Swallowtail angelfish (Genicanthus spp.) have some unique features among the saltwater angelfish species. Here's a significant one: Unlike many angelfish, swallowtail angelfish usually leave coral alone, making them suitable for reef tanks. Like many tropical marine fish, swallowtail angels require specialized care.
The various species of swallowtail angelfish reach medium to large sizes. Additionally, this fish swims actively. In terms of aquarium requirements, this means that a swallowtail angelfish needs a larger aquarium of at least 100 gallons. Additionally, the tank should feature open swimming areas. At the same time, the tank should have some recesses and visual barriers. Hiding places and breaking up an angelfish's line of sight can help curb their somewhat aggressive tendencies.
The swallowtail angelfish requires the same water chemistry as most tropical reef fish. Above all, the water should be clean and the water parameters consistent. The pH needs to remain close to 8.3. The temperature may range between 76 and 84 degrees Fahrenheit and avoid sudden changes. A swallowtail angelfish also requires water with a specific gravity of 1.025. You also need to keep nitrate below 40 parts per million -- even lower is better. Ammonia and nitrite must remain at undetectable levels for this fish to thrive.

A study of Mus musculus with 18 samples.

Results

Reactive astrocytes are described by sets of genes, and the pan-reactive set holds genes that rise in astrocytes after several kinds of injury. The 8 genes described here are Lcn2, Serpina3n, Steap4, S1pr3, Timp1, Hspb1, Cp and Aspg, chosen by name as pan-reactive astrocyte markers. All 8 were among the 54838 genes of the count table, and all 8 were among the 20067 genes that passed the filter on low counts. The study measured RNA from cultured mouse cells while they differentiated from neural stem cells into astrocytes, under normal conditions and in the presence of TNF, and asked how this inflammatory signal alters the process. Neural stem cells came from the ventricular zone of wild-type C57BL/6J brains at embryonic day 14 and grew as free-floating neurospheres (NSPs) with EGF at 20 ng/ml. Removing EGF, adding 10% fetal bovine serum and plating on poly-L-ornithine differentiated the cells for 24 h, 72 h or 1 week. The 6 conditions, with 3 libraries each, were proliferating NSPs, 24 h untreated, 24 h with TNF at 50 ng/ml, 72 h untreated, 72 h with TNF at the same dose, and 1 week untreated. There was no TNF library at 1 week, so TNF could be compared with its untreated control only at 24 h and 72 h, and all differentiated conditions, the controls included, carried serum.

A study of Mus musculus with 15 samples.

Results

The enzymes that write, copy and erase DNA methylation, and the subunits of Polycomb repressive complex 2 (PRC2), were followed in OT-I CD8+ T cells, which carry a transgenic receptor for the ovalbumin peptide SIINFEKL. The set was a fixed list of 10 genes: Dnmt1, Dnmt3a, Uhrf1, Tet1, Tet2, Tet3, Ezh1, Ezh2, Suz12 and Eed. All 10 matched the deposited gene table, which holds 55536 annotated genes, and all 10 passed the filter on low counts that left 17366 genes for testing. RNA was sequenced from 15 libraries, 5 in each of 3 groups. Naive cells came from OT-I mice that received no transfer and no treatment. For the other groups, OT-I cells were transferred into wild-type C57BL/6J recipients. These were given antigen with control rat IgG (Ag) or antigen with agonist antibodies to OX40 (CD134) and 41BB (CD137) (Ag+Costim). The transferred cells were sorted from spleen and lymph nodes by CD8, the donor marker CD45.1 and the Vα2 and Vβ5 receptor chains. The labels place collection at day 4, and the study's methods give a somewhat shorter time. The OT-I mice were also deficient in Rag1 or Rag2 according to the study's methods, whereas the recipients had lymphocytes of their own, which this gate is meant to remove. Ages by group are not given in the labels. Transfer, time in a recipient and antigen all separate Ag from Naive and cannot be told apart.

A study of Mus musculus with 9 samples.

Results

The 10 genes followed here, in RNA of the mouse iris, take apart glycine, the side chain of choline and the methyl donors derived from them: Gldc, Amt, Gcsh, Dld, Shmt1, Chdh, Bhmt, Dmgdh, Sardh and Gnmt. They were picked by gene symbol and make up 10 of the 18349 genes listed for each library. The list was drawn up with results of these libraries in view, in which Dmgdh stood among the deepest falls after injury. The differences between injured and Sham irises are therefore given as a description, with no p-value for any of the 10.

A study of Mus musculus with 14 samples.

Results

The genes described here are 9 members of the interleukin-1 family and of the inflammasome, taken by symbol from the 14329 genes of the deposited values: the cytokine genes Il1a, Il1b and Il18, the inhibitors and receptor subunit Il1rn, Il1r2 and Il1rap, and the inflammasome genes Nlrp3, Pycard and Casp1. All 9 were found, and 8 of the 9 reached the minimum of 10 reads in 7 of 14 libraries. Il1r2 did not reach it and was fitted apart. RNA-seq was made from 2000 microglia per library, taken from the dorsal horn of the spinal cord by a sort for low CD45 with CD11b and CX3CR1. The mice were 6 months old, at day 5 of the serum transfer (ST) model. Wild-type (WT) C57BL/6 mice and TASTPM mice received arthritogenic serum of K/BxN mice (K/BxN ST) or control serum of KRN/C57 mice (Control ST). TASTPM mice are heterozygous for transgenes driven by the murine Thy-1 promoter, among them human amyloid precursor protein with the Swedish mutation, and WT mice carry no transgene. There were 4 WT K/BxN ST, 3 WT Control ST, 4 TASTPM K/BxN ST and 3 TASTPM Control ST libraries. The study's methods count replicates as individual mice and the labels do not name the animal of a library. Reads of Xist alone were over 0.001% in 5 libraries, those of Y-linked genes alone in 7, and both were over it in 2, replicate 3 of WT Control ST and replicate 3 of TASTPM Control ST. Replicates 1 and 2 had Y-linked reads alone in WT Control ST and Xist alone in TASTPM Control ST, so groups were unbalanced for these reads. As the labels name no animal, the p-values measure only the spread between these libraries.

The swallowtail angelfish eats primarily meat, with some vegetable matter. You can feed your swallowtail angelfish fresh or frozen shrimp from the grocery store, shaved to an appropriate size for your fish. The swallowtail angel relishes live or frozen brine shrimp, which you can procure at high-end pet shops. Include an algae product like a nori sheet or a Spirulina algae preparation from a pet shop. The swallowtail angelfish may prey on invertebrates, but his favorites include pests like polychaete worms and bryozonas. Still, feed your swallowtail angelfish at least twice a day or he may start nibbling on expensive corals.
Unlike many angelfish, the swallowtail angelfish can get along with most organisms in reef tanks, with a few caveats. If underfed, a swallowtail may start nibbling at corals. Some specimens may eat coral despite their species' general reef-safe label. In terms of other fish, a swallowtail angelfish is usually peaceful with other species. However, a swallowtail angelfish will fight other members of his species and may attack fish with similar body shapes and colors. Do not keep more than one swallowtail angelfish in a tank. Except in those cases, a swallowtail angelfish will get along with most similar-size fish, including tangs, wrasses and dwarf lionfish.